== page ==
What is Juneteenth, the day Trump claimed he made famous and why is it relevant today more than ever?
Senator Kamala Harris said she would be introducing a bill that would declare Juneteenth as a national holiday
President Donald Trump made some tall claims about making 'Juneteenth' famous. In an interview, he claimed that "nobody had ever heard of" the holiday before he brought it up. He said, "I did something good: I made Juneteenth very famous. It's actually an important event, an important time. But nobody had ever heard of it." While we agree with the President that it is an important event and important time, we will have to strongly disagree with him about nobody having any knowledge of the unofficial state holiday across the country and the official state holiday of Texas.
Now that Juneteenth is on everybody's lips, what is it exactly and why is everybody talking about it? To put it simply, Juneteenth is a combination of the words, June and Nineteenth. June 19 is an important date in American history. We have all learnt in our history textbooks that President Abraham Lincoln signed the Emancipation Proclamation in 1862, which ended the Civil War and slavery. What the textbooks skipped out on was that in reality, it took another three years for slavery to be completely abolished across the country. Galveston, Texas, was the last area of the Confederate States of America, where African-Americans were still enslaved.
It took the arrival of Union General Gordon Granger to enforce the Emancipation Proclamation. On June 19, 1865, General Granger arrived in Galveston with 2,000 Union troops dressed in red and enforced the Emancipation Proclamation by reading a synopsis of it and announcing that all the slaves were free. This officially marked the end of slavery across the country and the beginning of celebrations of Emancipation Day. Juneteenth was initially known as Emancipation Day. On that day, the now emancipated African-Americans decided that they would never forget the day and celebrate their freedom.
The first Emancipation Day was celebrated in January 1866, when over 1,000 African-American families gathered around an African-American chapel in Galveston. They celebrated the day by singing songs, roasting a hog and reading the proclamation. Over the years, the Emancipation Day soon became Juneteenth, in honor of the month and the date when General Granger arrived in Galveston and enforced the proclamation.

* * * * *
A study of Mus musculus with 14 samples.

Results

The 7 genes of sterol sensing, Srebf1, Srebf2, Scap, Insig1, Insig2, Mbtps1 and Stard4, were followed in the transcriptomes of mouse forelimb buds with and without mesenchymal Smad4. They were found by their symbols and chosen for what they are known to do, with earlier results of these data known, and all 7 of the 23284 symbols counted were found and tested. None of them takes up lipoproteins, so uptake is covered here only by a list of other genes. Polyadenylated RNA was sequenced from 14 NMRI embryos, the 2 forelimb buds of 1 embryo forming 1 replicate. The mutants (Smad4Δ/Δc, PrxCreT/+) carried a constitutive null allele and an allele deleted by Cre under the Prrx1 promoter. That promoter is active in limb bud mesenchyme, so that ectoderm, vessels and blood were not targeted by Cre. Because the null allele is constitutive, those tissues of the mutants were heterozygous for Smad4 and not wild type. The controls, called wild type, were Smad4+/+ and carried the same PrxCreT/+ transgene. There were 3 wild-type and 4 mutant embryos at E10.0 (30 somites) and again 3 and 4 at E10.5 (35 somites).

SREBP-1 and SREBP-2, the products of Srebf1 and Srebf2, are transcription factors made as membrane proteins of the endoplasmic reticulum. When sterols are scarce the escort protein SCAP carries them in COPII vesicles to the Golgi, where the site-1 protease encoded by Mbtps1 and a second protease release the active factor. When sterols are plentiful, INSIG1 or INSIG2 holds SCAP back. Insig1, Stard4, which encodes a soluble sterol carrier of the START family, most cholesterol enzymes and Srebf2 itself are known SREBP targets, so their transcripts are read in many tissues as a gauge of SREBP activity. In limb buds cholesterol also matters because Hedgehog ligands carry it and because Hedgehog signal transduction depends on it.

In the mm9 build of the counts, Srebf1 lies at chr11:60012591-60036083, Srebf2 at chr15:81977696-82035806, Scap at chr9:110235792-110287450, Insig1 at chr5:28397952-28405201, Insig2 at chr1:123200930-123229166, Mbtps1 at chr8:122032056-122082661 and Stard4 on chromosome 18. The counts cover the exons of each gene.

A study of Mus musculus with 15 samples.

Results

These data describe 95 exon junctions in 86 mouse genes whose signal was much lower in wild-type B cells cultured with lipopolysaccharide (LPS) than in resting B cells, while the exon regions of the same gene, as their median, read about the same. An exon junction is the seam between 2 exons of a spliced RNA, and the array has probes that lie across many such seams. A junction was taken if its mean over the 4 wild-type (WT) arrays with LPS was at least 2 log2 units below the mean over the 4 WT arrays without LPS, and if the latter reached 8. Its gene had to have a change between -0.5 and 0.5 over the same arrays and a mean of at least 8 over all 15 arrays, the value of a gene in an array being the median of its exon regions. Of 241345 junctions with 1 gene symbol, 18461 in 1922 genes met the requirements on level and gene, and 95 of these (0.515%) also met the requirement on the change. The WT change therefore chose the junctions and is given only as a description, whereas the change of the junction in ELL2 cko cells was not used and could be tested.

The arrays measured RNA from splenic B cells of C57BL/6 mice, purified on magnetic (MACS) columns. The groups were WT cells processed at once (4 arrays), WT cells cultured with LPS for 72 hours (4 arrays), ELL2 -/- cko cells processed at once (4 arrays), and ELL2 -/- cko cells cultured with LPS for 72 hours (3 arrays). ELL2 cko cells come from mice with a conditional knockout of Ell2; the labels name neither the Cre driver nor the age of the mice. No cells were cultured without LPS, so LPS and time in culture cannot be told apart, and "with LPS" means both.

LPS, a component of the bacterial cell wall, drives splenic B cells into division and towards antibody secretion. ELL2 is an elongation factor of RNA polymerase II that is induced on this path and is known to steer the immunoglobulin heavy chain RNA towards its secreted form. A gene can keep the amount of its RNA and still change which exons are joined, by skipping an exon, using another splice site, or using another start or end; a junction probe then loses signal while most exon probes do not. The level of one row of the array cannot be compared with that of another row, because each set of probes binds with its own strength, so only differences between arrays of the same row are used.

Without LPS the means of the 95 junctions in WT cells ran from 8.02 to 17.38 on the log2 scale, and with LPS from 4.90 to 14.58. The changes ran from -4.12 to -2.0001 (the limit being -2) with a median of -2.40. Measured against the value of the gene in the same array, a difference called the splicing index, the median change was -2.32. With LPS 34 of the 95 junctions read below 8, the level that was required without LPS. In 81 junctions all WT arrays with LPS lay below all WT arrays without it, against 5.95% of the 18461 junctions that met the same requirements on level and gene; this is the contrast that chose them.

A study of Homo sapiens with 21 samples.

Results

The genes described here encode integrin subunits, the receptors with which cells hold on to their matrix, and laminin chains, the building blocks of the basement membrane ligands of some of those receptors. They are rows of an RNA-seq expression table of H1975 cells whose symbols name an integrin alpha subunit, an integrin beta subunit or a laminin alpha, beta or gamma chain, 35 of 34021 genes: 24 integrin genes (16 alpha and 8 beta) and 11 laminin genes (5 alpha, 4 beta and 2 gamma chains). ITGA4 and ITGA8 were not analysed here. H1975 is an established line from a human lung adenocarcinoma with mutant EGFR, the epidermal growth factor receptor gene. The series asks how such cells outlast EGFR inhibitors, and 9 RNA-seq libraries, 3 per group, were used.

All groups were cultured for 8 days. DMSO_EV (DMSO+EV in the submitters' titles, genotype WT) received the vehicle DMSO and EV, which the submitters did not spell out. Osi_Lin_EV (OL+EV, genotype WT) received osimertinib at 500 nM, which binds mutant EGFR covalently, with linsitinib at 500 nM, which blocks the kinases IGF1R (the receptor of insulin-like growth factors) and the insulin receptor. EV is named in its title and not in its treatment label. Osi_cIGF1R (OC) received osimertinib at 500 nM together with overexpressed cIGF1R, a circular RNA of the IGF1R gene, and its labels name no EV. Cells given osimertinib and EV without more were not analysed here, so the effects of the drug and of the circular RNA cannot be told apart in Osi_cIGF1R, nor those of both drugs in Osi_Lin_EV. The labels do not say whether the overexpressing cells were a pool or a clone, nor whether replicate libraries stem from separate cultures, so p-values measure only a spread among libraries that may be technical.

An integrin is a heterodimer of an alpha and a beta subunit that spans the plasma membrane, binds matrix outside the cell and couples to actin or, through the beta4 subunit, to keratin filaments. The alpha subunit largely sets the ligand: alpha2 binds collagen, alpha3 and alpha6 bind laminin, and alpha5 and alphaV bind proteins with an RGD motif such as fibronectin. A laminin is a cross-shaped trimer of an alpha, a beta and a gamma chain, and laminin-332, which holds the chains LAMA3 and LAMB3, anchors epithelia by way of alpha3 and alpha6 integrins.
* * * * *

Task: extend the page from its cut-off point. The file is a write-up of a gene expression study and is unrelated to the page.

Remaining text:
Kelly E Navies, a museum specialist and oral historian with the National Museum of African American History and Culture, explained, "The celebration of Juneteenth gives people a chance to pause and think about the history behind what we are going through right now. It gives people the opportunity to ask themselves what are the root causes to the racial conflicts we are experiencing." Juneteenth has been celebrated informally since 1865, but Texas became the first state to make it a state holiday in 1980.
Over the years, Juneteenth celebrations spread to several states across the country. Forty-seven states and the District of Columbia mark June 19 as a state holiday or observance. Communities across the country celebrate it with food, dancing, and singing. Despite many activists pushing for Juneteenth to be declared as a federal holiday, it has been passed on by the lawmakers and overlooked by non-African-Americans.
Finally, on June 18, 2020, Senator Kamala Harris announced that she would be introducing a bill that would declare Juneteenth as a national holiday. She said, "Together with my colleagues Cory Booker, Tina Smith and Ed Markey, we are proposing that Juneteenth be a national holiday.” Several companies like Nike, Lyft, NFL, and Tumblr, etc, are already giving their employees a paid leave on June 19 to celebrate the abolishment of slavery.
It has been 155 years since the Emancipation Proclamation has been enforced across the country, but the African-Americans continue to be subject to systemic racism and injustice across the country. Following the death of George Floyd, the Black Lives Matter Movement has been at the forefront. With people protesting against the police brutality several black people are subjected to, and openly discussing racism and injustice meted out against them, Juneteenth celebration in 2020 will be more important than ever.